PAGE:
The giant Mickey Mouse donut looks bigger than this girl’s face.
On a steamy summer morning, the crowds are splashing through puddles, and the lines have begun to form at the Magic Kingdom, but 10-year-old Lauren Boyd of West Sussex, England, is elated.
“We’re at Disney World!” she says, and at the park’s venerable Lunching Pad restaurant, spies an utterly Disneyesque, utterly American confection: a gigantic, strawberry-frosted, vividly sprinkled, three-ringed Mickey Celebration Donut.
“May I?” she asks, her dad produces the $8.99, and Lauren prepares to share the massive pastry with family members, but not before she grabs her phone.
No one has told her that one of the points of the doughnut and other bright snacks introduced to Walt Disney World this summer is that they are monumentally photogenic — “Instagrammable” if you will. In 2019, it seems natural to photograph foods so unique, reports Florida Today, which is part of the USA TODAY Network..
Disney parks and properties are full of snacks and desserts that make good pictures as well as good eating this summer, from classic banana splits with the look of Minnie Mouse to a Bathtub Party Sundae.
Oreo cookies provide Minnie ears that are decorated with white-dotted red bows. The bathtub sundae — vanilla ice cream, confetti cake, whipped cream and chocolate rubber duckies, topped with sprinkles, served in a bathtub-shaped dish — is one cool treat available at H2O Glow Nights, Typhoon Lagoon’s glow-in-the-dark parties.
Nothing outdoes the Magic Kingdom, however.
The Wish Granted Donut at Sunshine Tree Terrace in Adventureland represents another Disney hit: the live-action film “Aladdin,” which already had a ride, complete with animatronic camel, on-site, and its animated predecessor. The gastronomic tribute is glazed, coated in gold sprinkles and decorated with a genie lamp in chocolate and a puff of blue cotton candy.
At Pinocchio’s Village Haus in the Magic Kingdom is the dulce de leche-filled Tangled Wall Eclair, with its white chocolate whipped cream, sugar flowers and purple craquelin with a miniature frying pan in chocolate on top, available for a limited time.
And because it is summertime, cold treats are natural, with another massive one, the limited-edition Peanut Butter Dream Sundae, having made its debut at the Plaza restaurant on Main Street last month. It is a bowl of peanut butter cup ice cream coated in hot fudge, decorated with chocolate chip and peanut butter morsels and topped with whipped cream, all atop a peanut butter brownie.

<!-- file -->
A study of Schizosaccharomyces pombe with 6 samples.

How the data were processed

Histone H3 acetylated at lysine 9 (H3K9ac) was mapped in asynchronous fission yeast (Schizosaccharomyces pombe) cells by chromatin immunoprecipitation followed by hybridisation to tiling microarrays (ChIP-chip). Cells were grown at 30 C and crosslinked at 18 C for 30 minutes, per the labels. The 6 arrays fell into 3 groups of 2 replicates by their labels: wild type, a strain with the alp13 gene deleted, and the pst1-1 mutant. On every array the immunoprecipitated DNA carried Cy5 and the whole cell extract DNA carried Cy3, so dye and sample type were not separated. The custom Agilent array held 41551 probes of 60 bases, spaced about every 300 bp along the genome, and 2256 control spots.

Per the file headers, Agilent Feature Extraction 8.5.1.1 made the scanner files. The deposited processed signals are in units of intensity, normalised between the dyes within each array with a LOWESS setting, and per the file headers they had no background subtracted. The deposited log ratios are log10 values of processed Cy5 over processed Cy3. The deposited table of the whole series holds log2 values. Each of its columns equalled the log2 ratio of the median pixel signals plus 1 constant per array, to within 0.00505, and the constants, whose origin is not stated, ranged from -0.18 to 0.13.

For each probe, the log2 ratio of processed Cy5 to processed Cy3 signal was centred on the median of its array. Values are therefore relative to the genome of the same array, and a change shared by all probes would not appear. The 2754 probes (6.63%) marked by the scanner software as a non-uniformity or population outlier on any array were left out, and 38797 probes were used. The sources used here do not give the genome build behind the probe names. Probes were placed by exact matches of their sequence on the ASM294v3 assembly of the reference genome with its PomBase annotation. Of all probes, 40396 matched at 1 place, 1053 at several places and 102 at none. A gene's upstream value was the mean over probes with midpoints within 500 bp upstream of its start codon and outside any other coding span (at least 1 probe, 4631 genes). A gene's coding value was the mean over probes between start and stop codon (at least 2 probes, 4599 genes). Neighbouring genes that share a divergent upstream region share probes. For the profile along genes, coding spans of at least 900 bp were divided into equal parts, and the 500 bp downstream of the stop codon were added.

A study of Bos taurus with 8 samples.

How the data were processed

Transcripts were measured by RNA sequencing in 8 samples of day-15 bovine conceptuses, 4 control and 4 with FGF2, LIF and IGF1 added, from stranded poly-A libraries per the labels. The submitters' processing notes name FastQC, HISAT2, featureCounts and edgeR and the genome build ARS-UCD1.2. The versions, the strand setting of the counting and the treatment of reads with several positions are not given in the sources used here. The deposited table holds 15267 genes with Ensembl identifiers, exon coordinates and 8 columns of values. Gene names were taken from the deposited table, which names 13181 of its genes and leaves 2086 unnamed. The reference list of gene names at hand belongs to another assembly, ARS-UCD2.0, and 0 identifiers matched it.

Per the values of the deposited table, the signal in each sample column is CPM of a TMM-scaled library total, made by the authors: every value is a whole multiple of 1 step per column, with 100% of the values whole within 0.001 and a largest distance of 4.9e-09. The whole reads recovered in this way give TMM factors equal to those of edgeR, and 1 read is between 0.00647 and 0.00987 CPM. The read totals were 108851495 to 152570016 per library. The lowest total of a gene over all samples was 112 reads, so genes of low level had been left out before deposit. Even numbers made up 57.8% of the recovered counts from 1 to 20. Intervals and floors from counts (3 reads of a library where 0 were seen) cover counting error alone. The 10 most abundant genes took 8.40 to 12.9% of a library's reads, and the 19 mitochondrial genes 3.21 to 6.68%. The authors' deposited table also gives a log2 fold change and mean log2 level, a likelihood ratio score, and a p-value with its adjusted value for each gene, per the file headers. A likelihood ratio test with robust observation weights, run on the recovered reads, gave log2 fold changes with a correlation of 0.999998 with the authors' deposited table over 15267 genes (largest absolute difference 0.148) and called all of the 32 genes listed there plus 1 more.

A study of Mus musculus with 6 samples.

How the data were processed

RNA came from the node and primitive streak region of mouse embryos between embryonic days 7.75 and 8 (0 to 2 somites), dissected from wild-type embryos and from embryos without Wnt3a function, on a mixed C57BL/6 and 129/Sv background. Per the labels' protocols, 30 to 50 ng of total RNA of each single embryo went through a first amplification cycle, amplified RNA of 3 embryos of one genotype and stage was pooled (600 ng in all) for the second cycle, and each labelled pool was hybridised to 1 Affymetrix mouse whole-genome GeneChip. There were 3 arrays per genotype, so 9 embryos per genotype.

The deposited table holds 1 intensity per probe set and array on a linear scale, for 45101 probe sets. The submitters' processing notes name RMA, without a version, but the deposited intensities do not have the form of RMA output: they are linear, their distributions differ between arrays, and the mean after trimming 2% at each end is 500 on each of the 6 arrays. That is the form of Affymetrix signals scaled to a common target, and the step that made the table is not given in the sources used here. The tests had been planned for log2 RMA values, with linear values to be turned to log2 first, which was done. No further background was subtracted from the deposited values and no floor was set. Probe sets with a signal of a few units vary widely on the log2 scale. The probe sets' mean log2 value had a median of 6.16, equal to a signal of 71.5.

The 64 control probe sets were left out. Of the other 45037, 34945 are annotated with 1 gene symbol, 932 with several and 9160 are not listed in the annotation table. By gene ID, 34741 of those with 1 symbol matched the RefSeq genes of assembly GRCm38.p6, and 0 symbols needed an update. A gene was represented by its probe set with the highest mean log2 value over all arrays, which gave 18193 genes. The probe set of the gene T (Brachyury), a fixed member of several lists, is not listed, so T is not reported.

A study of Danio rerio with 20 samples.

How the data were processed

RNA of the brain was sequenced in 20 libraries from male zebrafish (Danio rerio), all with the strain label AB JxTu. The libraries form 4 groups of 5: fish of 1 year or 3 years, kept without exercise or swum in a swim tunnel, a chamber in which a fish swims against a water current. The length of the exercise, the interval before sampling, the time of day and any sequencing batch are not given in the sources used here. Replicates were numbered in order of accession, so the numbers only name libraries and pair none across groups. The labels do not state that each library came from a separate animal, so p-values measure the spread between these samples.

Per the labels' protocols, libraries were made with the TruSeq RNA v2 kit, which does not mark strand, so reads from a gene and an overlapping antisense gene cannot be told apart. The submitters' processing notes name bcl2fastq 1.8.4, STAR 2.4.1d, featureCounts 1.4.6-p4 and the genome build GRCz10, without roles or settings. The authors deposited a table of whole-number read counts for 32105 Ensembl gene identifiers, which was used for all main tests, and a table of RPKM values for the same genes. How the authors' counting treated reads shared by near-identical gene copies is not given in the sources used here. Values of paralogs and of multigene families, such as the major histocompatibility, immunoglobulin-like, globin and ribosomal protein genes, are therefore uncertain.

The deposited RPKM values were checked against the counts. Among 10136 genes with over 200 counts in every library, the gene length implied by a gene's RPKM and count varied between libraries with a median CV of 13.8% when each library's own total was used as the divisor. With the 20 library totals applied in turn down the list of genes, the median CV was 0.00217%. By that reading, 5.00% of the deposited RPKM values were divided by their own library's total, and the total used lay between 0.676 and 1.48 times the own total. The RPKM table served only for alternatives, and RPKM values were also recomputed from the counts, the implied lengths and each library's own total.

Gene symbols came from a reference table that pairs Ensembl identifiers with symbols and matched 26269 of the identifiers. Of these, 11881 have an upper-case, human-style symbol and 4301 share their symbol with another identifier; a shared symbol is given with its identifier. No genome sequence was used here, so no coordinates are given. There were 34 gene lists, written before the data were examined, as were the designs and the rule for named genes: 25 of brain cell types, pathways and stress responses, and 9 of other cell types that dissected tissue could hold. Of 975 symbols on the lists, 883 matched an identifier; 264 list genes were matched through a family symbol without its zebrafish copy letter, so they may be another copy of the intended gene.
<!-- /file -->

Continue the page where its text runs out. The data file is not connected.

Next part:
That’s not the half of it; new summer offerings are everywhere.
At the Satu’li Canteen, part of the Pandora attraction at Disney’s Animal Kingdom, you can get a blueberry cream cheese mousse with passionfruit curd, and chocolate cake comes with a layer of cookie, banana cream and goji berries, all very much in keeping with the restaurant’s world view and healthy outlook, according to those who present it.
Otherwise, there are Lion King cupcakes, a Mickey Ice Cream Chocolate Sundae and colorful cakes that represent the flavors of Africa, Asia and the Amazon areas.
“The cultures we have at Disney’s Animal Kingdom play a huge role in what we do, and our guests always want to experience those flavors,” Chef Meredith O’Connor said. “(Walt Disney World) has undergone some changes the past few years, and we’ve started to change the boundaries of what theme park is or should be. We draw so much inspiration from the cultures represented here.”
If the move toward higher-quality, more photographable snacks seems less at Epcot and Disney’s Hollywood Studios, it probably is because of the changes that will come to those parks in the weeks ahead.
Star Wars: Galaxy’s Edge at Hollywood Studios is not that far, far away with its unique bars and restaurants, and much of this summer’s non-galactic culinary emphasis has been on the opening of the Roundup Rodeo BBQ Restaurant, coming to Toy Story Land sometime in the future.
Epcot, lovingly known by cast members as “Festival Land,” has an ever-changing culinary component in kiosks as well as restaurants. The next big foodie event, the Epcot International Food and Wine Festival, will open Aug. 29 and run through Nov. 23.
Disney Springs, on the other hand, fully positions itself as a culinary destination, thanks, in part, to celebrity restaurateurs like Masaharu Morimoto, Guy Fieri, Art Smith and Rick Bayless, who operate there. The popular restaurants and shopping venue also fosters a street food/dessert-rich environment with kiosks and bakeries as well as full-service restaurants.
This summer it has a distinctively citrusy theme, Flavors of Florida 2019, and unlike the other limited-edition summer offerings, which will go away earlier, these will remain through Sept. 2.
They include blood orange mousse, a shining, orange-like dome of lemon chiffon cake with grapefruit gelée, available at Amorette’s Patisserie; and a key lime ganache pop, in which white chocolate is blended with key lime juice and lime zest, enrobed in high quality dark chocolate.
Wine Bar George, which is becoming nearly as well-loved for its food as its wines, has one of the summer’s most popular treats, the Frozcato (think Dole Whip with wine) Cookie Sandwich, frozen pineapple filling between a pair of house-made sugar cookies.
“Let me see that,” 14-year-old Jon Welby of Cocoa said after a relative picks up a chocolate cupcake topped with the Mickey Mouse Club-style Mickey Mouse in dark and white chocolate.
Out comes the phone. Away flies the photograph. Instagrammable.